This week I drink chai with a man who used to beat people to a pulp for a living, to see if he knows how to make life better.*
There’s this thing I’ve been doing for a while now. Every fortnight I invite an interesting stranger to share a cup of tea or a wine, so I can learn more about how this mortal coil spins. It’s not as creepy as it sounds. One time it might be an academic I admire. The next a disagreeable blogger I want to understand better, or a work contact I’ve only ever dealt with via email who I keep saying I should actually meet some time. Some time never happens, of course, unless you got off your bum.
I’ve had to be careful I don’t come across as a stalker, but mostly the very audaciousness of my asking to meet with people because I reckon they’re interesting gets me over the line. They’re flattered, but also curious. And aren’t we all by other people’s stories?
This week I met with Paul Briggs, the former world champ kickboxer and world Light Heavyweight contender. I’d read his biography a while back and was blown away. Following a traumatic childhood he got entangled in drugs and crime, but went on to fight out his anger in rings worldwide, winning 83 out of 91 fights. He’d also seen The Notebook (several times) and when I rang was reading Women Who Run with the Wolves, because he thinks “every dad should understand the potential power of his daughter” (his little girl is six). Definitely interesting.
So there we were, sharing soy chai from pretty heirloom china cups in a bookshop café down the road, Regina Spektor and Cat Stevens being sentimental in the background. If you’ve ever met a tattoo-festooned boxer you’d get that this was quite a fabulous juxtapositioning of visuals and effect.
Paul is brutally open about the pain he’s felt fighting for a living. He fell into it, he was good at it, he kept going. But eventually the sustained violence took its toll. “I spent 12 months sitting in a café torturing myself and asking, why did I end up doing this? Is this what my life is meant to be about?” Haven’t we all.
Here’s the thing – he quit boxing, became a trainer, and has launched mentor programs for teen boys that show them what “being a good bloke is about”. He also leads support groups for men geared at dropping macho ego, and is currently working on reality show The Contender (think Top Model with gloves on) as a trainer and “shoulder to cry on” for the competing boxers.
Amidst all this he’s discovered a gift. He can get gnarly, jammed-shut men to open up. “The meanest, toughest men trust me. I can coax them to talk about how they feel, often for the first time,” he says.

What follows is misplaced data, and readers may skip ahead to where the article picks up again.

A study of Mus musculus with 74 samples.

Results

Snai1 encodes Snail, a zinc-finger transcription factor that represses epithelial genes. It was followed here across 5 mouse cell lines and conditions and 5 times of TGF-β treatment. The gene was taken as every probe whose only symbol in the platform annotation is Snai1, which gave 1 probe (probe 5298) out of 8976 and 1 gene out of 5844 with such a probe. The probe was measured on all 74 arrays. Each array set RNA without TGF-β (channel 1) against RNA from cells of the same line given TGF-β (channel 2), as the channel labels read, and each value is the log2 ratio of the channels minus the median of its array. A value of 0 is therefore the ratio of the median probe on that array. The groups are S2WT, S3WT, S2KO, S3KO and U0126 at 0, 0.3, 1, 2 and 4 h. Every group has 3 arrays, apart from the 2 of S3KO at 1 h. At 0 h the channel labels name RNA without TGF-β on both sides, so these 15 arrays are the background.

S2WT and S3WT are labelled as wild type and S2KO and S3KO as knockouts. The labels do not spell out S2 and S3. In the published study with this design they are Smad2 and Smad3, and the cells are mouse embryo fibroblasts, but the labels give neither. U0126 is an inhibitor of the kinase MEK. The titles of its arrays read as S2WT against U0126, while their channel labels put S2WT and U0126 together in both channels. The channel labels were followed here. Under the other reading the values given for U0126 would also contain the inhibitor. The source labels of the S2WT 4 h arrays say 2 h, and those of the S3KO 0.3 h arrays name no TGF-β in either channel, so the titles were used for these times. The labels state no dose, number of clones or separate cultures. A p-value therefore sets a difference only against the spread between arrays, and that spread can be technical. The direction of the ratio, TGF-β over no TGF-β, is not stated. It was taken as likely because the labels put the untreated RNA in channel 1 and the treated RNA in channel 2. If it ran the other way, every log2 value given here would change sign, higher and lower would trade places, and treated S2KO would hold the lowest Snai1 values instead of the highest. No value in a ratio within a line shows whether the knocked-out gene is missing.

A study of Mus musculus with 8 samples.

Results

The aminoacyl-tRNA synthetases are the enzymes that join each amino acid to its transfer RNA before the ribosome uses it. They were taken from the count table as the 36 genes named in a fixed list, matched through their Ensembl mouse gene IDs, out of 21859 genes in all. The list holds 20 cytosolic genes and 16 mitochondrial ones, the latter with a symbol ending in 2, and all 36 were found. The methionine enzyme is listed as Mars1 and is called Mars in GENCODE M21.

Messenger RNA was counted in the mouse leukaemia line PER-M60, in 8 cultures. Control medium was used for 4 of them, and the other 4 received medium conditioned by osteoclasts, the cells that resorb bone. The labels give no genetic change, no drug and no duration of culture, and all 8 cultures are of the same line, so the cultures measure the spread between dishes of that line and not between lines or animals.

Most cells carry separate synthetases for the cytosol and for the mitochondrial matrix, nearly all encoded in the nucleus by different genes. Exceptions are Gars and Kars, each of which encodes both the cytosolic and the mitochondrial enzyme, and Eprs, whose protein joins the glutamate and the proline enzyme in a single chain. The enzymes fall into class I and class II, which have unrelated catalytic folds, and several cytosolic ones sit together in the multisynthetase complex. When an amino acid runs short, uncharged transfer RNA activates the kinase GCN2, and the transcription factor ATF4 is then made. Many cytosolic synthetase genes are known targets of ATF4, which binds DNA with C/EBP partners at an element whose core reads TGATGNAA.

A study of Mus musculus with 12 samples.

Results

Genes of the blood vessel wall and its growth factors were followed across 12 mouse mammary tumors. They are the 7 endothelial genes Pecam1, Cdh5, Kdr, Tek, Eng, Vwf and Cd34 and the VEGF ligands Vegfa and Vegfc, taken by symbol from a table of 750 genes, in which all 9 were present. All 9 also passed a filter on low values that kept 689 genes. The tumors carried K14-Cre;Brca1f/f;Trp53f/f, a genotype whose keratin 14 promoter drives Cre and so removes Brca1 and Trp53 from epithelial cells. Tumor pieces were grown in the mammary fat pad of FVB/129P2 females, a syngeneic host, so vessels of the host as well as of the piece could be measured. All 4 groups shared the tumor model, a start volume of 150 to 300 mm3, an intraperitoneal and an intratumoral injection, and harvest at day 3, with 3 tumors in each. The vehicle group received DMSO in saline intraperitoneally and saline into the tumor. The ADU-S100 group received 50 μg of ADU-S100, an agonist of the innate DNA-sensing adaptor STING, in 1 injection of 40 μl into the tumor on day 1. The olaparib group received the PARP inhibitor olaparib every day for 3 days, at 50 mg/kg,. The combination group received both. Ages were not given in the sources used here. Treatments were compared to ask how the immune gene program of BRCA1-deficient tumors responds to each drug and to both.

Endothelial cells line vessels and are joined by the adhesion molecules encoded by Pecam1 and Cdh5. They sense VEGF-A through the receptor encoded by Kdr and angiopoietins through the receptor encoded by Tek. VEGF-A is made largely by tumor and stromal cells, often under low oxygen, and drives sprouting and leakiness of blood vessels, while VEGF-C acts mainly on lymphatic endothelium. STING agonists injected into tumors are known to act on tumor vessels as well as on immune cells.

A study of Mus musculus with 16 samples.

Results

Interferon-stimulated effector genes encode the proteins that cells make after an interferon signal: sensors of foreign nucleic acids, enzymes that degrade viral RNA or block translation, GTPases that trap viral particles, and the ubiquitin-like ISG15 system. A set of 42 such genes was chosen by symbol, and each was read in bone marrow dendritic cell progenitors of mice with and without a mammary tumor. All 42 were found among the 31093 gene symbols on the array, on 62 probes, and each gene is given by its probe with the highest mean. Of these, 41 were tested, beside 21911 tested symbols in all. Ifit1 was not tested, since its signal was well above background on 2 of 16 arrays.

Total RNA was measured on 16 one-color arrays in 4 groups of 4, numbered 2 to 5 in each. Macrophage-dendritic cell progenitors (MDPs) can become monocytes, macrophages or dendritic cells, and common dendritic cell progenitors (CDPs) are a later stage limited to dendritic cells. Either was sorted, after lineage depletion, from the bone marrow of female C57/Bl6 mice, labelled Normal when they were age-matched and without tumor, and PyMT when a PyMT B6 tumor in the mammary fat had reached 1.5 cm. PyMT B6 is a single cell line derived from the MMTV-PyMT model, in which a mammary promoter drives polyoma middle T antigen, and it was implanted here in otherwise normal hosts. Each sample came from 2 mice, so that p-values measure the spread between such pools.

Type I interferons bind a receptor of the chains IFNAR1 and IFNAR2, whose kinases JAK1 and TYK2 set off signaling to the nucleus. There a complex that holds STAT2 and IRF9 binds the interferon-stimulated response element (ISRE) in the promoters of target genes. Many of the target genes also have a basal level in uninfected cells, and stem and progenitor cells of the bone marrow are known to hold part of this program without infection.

And bingo! The inspiring philosophical point that Paul brings to the planet. He expresses it best himself: “I think the reason I went through all this (the brutal vocation) was so I could help blokes get real, to be real men for their partners, their kids and their mates. This is possible only because I walked the walk first.”
I love it. I want to highlight his insight in fluorescent texta and hand it around to everyone I know. In Eastern philosophy, they call it dharma. Dharma, loosely translated, is your life purpose. It isn’t always the job you do, it might be how you do it, or what you do beyond it.
It might be inspiring wellness while working in a bank. My friend Kersti’s dharma is helping young female colleagues find their feet in the misogynist legal world, while working as a finance lawyer in New York. “I feel compelled to share what I learnt in my struggle, it’s weirdly become my path,” she says.
The path to one’s dharma is often a bumpy one because often you have to plunge to the dark depths yourself before you can shed light. Sharon Osbourne told Psychologies magazine this month that being ugly made her successful. That it was the very battle to make up for her lack of looks that honed her charm and smarts, thus delivering her life purpose. Is it any coincidence she went on to test other people’s grit on X Factor?
Happiness experts repeatedly tell us living your life’s purpose is the shortest cut to bliss. How do you find yours? I’ve found it helps to look at what you battle yourself, where the struggle within lies. That’s where true growth starts.